They say you can have time or money, but not both.
Joe worked a very labor intensive, stressful job. He exchanged his ten minute commute for an hour one when we bought our house. And he was getting older.
I exchanged my hour commute for a five minute one. I had a three bedroom house and just the two of us.
His job gave him grief for leaving early to attend the foster parenting classes. He’d work six or seven days a week. He’d be called up with no notice and asked to come in. His back hurt all the time and I was worried he’d wind up coming face first with a tree driving into work at three in the morning or coming home at two in the morning.
During the classes, we discussed him stepping down from management. Then we got the phone call. Our license was approved.
The phone calls began the same day.
Phone call after phone call asking if we could take this child, these siblings, this teenager.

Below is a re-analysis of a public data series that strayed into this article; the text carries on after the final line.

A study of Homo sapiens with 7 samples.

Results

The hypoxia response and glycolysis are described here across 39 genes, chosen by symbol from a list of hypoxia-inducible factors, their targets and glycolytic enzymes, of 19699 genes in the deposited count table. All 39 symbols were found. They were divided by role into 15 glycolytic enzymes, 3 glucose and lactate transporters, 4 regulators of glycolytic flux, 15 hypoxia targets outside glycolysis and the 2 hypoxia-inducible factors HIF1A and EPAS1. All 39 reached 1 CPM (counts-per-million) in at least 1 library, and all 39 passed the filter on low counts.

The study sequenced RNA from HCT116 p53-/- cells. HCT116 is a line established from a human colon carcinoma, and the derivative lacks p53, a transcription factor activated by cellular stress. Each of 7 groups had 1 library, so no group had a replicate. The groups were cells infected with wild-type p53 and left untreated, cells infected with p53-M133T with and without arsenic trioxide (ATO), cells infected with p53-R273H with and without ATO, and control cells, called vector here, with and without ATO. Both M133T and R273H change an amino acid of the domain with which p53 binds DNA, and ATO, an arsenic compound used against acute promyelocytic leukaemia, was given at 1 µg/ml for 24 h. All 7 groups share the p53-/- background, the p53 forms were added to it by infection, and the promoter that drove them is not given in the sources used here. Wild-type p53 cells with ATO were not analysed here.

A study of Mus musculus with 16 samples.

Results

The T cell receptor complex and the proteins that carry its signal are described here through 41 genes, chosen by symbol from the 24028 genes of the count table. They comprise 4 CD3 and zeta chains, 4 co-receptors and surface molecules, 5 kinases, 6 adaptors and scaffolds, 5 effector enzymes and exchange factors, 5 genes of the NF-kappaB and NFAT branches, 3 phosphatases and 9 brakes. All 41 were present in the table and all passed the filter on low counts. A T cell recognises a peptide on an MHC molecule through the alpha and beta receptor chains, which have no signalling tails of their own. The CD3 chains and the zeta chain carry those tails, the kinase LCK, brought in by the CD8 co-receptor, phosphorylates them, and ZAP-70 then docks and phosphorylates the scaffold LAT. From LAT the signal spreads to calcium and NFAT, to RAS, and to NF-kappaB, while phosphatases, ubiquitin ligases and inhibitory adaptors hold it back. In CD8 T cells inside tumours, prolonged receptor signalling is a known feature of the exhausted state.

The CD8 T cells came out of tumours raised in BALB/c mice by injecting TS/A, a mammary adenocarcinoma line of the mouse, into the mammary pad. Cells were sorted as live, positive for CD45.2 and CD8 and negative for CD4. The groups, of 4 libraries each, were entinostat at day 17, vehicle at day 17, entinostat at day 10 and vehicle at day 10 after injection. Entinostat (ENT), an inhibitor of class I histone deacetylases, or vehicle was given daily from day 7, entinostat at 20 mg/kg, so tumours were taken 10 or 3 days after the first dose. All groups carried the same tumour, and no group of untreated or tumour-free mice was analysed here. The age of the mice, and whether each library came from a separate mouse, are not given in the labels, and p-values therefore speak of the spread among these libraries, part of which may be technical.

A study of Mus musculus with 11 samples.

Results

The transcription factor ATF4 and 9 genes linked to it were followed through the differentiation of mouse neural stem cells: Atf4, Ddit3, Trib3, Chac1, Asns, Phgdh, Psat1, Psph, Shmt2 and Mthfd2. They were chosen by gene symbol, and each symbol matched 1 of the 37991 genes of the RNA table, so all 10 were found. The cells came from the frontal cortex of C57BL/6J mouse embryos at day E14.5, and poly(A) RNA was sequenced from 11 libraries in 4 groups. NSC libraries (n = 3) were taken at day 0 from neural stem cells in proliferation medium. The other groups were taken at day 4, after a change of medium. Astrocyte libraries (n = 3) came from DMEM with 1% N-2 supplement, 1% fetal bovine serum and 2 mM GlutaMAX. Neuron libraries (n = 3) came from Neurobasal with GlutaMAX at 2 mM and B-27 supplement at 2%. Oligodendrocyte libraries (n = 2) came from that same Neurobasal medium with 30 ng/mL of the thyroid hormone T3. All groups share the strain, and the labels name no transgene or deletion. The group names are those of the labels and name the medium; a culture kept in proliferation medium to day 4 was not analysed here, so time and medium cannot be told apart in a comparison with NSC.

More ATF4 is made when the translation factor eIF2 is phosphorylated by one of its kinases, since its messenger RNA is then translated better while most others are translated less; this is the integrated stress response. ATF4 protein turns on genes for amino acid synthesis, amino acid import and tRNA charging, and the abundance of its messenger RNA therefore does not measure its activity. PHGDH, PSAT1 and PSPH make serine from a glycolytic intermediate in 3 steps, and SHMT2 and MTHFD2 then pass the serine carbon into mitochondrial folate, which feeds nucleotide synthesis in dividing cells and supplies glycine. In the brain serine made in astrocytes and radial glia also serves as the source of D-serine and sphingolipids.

And finally, Joe said enough. He would be transferred closer to home to work part time. We’d have about $50,000 less a year to work with. No more eating out, extravagant vacations, or cocktails. That was easy. The house had a sizable down payment and the was now furnished thanks to both our incomes. The plan had always been to work hard, make a lot of money and invest it in a family. My education was an investment in our family. We had done the once in a lifetime vacation to Ireland the year before and now would have to settle for road trips with family.
We would all make sacrifices. I’m still surprised at how well we do given the fact that we went down to only one income.